The number of children that women around the world are giving birth to has fallen so much that some countries are facing a “baby bust”, new data suggests – meaning there are insufficient children born to maintain their population size.
We all know the expression “baby boomers”, the generation born after the second world war when the birth rate spiked – and now the scourge of millennials for their free education, affordable homes and early retirement age.
Globally in 1950, women were giving birth to an average of 4.7 children in their lifetime, according to the research published in The Lancet. By 2017, the fertility rate was almost half that amount, at 2.4 children per woman and in some countries, the average number per woman is now just one child.
Improved access to contraception, working opportunities and ultimately, more choice for women is thought to be behind the falling rates, but a society where there are “more grandparents than grandchildren” could be problematic.
The researchers highlight that an ageing population with fewer children could have social and economic impacts – after all, children are needed in order to care for older generations, either directly or indirectly via taxes.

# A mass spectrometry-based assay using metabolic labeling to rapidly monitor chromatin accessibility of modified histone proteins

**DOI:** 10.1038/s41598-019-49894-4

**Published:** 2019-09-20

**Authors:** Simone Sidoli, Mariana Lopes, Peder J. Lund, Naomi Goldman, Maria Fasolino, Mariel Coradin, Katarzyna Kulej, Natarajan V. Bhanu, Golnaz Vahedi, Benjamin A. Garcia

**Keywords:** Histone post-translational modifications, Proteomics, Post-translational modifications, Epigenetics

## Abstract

Total fertility rates (TFR), a measurement representing the average number of children a woman has over her lifetime, have declined since 1950, according to the study.
In 2017, the lowest TFR was in Cyprus, where on average, a woman would give birth to one child throughout her life, as opposed to the highest, in Niger, where a woman would give birth to seven children.
To sustain populations, countries require an average fertility rate of 2.1, because some children will not survive until adulthood. In 2017, the UK’s fertility rate was 1.7 births per woman.
“The lower rates of women’s fertility clearly reflect not only access to and availability of reproductive health services, but also many women choosing to delay or forgo giving birth, as well as having more opportunities for education and employment,” said Dr Christopher Murray, director of the Institute for Health Metrics and Evaluation (IHME) at the University of Washington.
“Although total fertility rates are decreasing, the global population continues to grow as death rates decline and because of population ‘momentum’ in previous decades.”
Dr George Leeson, director of the Oxford Institute of Population Ageing, said worldwide declining fertility rates do not have to be a bad thing, providing we make significant societal adjustments, such as changing the retirement age.
“Everything we plan for is not just driven by the numbers in the population, but also the age structure and that is changing, so fundamentally we haven’t got our heads around it,” he told the BBC.